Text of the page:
Seeing them living, again

I’m working right now on purging runaway cases — and there are a TON of them that have to go — and saw Alishia Dachone Miller‘s case. She disappeared from Detroit in 1989, aged just thirteen, and she is, or was, classified as a runaway. Given how almost 30 years have passed, I don’t know whether the cops still find the runaway theory credible. Alishia is not on the NCMEC anymore, but I am pretty sure she’s still missing. (Not 100% sure though; let me know if she has in fact been found so I can remove her from Charley.)

Anyway, I Googled Alishia’s name and found the following article from the Detroit Free Press, dated June 6, 1988 — six months before Alishia disappeared:

alishiaarticle

The age is slightly off — Alishia would have been twelve at that time of the accident, not thirteen — but I’m pretty sure this is her. Another article about this event gave details about the injuries the survivors sustained. Alishia got off relatively lightly, just bruised. Another child who was hit broke his hand; another had to be hospitalized overnight and was listed as being in “fair” condition with leg, arm and head injuries. And, of course, a thirteen-year-old boy died.

None of this is of any use as far as shedding any light on Alishia’s disappearance, but I find it interesting nevertheless.

Select It Sunday: Brian Martin

This week’s SIS case is Brian Kent Martin, selected via Facebook by Melissa A. She was a friend of his when they were growing up.

It isn’t clear exactly when Brian disappeared. His mother last spoke to him in March 2001; he was living in Biloxi, Mississippi at the time. She didn’t report him missing until September. He was transient at the time of his disappearance and had no legal address, and his mother and siblings lived in Georgia, which would explain why it took so long for the report to be filed.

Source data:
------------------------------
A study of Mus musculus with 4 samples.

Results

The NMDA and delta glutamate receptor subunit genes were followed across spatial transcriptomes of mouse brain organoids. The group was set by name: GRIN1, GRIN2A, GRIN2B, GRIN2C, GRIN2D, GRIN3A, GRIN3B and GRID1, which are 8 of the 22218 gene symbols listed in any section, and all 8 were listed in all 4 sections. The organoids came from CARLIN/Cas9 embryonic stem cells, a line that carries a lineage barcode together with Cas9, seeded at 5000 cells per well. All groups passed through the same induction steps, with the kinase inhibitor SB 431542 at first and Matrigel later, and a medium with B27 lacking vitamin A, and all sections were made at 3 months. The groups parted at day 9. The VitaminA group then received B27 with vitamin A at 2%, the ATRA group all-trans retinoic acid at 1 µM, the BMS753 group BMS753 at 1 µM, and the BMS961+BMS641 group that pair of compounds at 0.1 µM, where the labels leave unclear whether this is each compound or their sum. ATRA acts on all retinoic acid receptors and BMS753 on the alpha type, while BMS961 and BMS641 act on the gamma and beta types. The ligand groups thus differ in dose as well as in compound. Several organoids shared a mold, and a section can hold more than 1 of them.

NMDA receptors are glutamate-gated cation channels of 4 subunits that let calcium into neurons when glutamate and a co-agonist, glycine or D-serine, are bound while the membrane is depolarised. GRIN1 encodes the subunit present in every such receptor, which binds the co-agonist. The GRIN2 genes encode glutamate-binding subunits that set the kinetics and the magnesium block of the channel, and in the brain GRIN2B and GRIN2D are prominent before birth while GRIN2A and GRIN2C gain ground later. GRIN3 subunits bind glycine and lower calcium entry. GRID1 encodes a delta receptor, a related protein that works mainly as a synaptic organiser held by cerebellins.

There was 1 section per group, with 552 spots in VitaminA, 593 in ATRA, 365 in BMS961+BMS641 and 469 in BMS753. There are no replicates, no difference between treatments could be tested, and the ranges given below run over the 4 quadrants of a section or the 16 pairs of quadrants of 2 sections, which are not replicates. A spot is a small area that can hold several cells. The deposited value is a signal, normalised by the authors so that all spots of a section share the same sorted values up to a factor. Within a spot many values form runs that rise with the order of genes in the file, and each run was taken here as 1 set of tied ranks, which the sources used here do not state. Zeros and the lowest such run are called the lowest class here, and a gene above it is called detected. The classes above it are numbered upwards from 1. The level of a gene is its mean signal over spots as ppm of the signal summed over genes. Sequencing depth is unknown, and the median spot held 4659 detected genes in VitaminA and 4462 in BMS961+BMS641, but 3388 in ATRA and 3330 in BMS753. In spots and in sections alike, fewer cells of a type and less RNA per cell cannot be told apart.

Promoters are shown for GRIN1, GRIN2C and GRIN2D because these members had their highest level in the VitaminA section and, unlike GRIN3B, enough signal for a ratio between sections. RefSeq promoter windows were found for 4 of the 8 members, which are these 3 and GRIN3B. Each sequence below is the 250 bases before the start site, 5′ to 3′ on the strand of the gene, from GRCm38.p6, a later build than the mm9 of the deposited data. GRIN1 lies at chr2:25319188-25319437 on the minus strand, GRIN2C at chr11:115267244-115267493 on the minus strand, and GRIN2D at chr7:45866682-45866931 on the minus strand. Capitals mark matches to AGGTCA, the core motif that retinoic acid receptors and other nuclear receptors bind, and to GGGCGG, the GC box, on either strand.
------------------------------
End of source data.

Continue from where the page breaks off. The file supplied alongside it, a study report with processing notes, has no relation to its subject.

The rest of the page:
Brian suffered from dyslexia, which can make anyone’s school years a misery. The person’s intelligence is unimpaired and I’ve heard of dyslexic people who’ve gotten graduate degrees, but it makes reading very difficult. Depending on the severity of the condition, you could just need to work a little harder at reading, or you could be almost entirely illiterate. A person with dyslexia is often placed in special education at school, at least for the reading-intensive classes. Which is good, because special education teachers are specially trained to help them learn strategies to compensate for their condition, but it’s also bad, because the other kids at school inevitably make fun of the special ed kids and sometimes even other teachers bully them. The bullying and the struggle to deal with reading may explain why Brian dropped out of high school.

(I’m an excellent reader, as you’ve probably guessed, and picked it up pretty much instantly in first grade. Once, in third grade, we were put into small groups and told to read a story in our reading books aloud to each other, taking turns, a few paragraphs at a time. A girl in my group was dyslexic and read aloud very slowly, often stumbling over her words. The teacher deliberately placed her with me because she thought, for some reason, that Rachel would benefit with having a really good reader in her group. I’m ashamed, even now, to admit I kept complaining to the rest of the group about how long she was taking to read her parts, and I even asked my teacher to move me to a different group. Rachel, I’m really sorry for being such a jerk.)

Brian was 24 when he disappeared; he would 39 now, turning 40 in November. Although there’s no hard evidence of foul play in this case that I know of, both the Martin family and the police believe he was probably murdered. After his 2001 disappearance, his paper trail stops: no Social Security number activity, no record of employment, in the past 15 years. And he didn’t have a passport so it’s unlikely he left the country. He doesn’t seem to have had any motive to walk away from his life — in fact, he’d said he wanted to return to Georgia where most of his family lived.

He may very well be a John Doe somewhere. The only particularly unusual physical characteristic I know of is an unspecified “gang brand” five inches in size on his arm. I don’t know whether they mean a tattoo or an actual brand.